The divergence of opinion was extreme. In the blue corner was the “ban em and string em up” brigade and in the red corner the “lets forget about them and legalise them all” (well not quite so extreme).
The facts surrounding performance enhancing drugs remain.
Athletes and recreational sportspeople use them, almost certainly, more than we imagine: as many as 2.8% of Canadian school children test positive for anabolic steroids.1
Unsupervised drug use increases the risks to the users immensely—for example, adverse effects, risk of infection.
Drug testing fails to identify the users of many of these drugs, because of clever dosage regimens, known adulterating mechanisms, and probably a less than total commitment to detect high profile users.
Harm minimisation can reduce the use of these drugs, remove the more toxic drugs from the user's repertoire, and monitor users medically to ensure that they are advised when detectable harm is observed.
There is a duty of care to these users that is clearly stated by the General Medical Council (GMC): “it is …unethical for a doctor to withhold treatment from any patient on the basis of a moral judgement that the patient's activities or lifestyle might have contributed to the condition for which treatment is being sought. Unethical behaviour of this kind may raise the question of serious professional misconduct.”2 In the same document it is stated, “ …all problem drug misusers—irrespective of age, gender, race, and drug of choice—must have proper access to support from appropriate services –including primary care …”
There needs to be a frank and open debate about these issues. It simply is not enough to say that this is banned so we can't address the issues.
The GMC is to include the following statement in the next edition of Good Medical Practice, 2000: “Doctors who prescribe, or collude in the provision of drugs or treatment, with the intention of improperly enhancing performance in sport, would be contravening GMC guidelines and such actions would usually raise a question about a doctor's continued registration.”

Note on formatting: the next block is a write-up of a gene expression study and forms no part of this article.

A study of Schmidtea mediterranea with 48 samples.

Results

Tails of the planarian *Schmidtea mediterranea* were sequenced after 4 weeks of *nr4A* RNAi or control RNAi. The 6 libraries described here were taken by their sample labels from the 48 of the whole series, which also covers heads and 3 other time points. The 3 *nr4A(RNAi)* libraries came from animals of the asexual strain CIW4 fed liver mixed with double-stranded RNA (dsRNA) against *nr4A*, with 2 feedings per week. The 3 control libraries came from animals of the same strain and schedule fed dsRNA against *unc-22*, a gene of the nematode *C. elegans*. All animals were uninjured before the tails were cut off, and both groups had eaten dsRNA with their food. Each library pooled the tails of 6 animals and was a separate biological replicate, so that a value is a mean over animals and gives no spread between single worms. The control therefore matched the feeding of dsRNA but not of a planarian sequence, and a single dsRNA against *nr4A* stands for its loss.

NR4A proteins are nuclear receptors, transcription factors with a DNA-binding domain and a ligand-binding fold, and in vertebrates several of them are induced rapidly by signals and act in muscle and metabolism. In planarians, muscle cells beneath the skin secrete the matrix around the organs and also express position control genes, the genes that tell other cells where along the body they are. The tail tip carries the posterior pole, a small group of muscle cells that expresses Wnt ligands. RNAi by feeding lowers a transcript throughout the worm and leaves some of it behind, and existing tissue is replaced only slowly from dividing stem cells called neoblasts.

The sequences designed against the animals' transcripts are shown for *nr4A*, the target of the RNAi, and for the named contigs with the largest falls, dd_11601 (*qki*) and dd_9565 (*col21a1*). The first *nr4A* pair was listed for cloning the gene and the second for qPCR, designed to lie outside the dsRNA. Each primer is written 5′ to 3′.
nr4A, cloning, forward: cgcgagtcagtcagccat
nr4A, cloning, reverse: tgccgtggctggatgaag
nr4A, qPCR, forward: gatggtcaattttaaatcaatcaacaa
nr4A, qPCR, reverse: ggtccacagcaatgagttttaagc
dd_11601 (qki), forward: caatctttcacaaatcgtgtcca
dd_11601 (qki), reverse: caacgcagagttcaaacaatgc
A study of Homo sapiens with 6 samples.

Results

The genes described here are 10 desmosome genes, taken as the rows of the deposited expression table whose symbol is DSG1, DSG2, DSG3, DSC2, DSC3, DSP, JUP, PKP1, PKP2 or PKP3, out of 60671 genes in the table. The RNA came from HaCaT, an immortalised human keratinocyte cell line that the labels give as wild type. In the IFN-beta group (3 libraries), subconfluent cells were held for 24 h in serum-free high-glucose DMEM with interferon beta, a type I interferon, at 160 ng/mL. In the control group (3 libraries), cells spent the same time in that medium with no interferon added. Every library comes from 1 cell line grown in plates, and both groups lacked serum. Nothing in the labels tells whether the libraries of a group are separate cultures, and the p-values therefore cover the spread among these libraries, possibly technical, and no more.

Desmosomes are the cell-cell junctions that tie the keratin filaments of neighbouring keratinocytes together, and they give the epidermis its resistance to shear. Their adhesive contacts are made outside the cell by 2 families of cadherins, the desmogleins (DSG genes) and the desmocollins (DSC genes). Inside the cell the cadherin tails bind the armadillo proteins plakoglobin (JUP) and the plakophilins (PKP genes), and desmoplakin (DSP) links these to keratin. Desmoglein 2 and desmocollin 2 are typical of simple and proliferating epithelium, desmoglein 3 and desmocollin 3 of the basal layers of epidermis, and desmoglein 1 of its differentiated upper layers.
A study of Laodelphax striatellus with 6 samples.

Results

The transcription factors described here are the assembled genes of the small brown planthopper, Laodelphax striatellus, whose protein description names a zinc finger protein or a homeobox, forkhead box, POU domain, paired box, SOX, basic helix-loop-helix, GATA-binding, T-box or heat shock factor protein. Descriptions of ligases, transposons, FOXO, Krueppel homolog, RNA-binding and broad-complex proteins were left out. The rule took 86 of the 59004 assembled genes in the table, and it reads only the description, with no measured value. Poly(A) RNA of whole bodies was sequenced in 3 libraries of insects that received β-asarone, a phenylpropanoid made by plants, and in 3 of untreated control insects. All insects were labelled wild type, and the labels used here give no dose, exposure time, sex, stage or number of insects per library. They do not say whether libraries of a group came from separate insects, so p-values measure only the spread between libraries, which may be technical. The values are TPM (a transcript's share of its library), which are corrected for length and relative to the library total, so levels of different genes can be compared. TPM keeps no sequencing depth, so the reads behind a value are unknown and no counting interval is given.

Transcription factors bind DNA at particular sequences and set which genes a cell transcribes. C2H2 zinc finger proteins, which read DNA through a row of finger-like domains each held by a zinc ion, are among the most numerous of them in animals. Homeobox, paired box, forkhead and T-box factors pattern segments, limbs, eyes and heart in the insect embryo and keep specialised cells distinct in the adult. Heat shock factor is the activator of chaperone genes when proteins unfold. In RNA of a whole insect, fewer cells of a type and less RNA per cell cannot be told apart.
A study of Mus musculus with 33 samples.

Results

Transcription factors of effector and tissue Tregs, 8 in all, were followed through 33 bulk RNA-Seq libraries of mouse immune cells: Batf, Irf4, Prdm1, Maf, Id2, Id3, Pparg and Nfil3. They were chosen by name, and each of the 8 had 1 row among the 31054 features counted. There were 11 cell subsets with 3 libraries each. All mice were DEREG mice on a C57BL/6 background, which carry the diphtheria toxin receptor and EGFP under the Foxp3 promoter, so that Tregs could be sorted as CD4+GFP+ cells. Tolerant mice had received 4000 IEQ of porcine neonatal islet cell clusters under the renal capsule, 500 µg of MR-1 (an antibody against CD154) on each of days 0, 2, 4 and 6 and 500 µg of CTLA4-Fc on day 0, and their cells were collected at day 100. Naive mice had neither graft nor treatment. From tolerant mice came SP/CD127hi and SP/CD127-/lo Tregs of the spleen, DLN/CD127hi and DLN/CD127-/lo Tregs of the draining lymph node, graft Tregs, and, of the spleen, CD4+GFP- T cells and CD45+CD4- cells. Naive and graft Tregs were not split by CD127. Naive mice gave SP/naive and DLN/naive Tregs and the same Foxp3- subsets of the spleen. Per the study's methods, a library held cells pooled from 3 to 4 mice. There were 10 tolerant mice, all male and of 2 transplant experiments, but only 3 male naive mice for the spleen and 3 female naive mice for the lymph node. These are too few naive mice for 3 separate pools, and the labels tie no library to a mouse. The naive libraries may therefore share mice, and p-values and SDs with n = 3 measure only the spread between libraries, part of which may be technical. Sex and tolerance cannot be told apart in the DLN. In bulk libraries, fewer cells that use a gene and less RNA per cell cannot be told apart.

So “de-registered” if you do, and facing serious professional misconduct if you don't.
This knee jerk reaction to the words “sport and drugs” will undoubtedly lead to a retraction from the GMC, as surely as the lawyers would grow rich on the legal definition of the word “collude”.
The debate must move on. We must know how to monitor people using such drugs, we must be able to know how to reduce the use of the most harmful drugs, and we must recognise that even the government knows that “just say no” never works.
The Council of the British Association of Sports Medicine proposed to the GMC that it “ …is of the opinion that doctors found intentionally involved in helping athletes and others to commit a doping offence, as defined by the IOC, are guilty of professional misconduct.”
This is a step on the road of a rational policy towards this problem, but sports doctors and general practitioners need to learn more about this problem, not so that we can grow fat by association with the ultimate striving for success, nor in collecting fees for this information, but simply to improve the care we give to patients.
Their obvious similarities to other drugs of abuse mean that there is a lot of information readily available and some of that is relevant to this select group of drug abusers. We do not have to invent the wheel, merely modify it.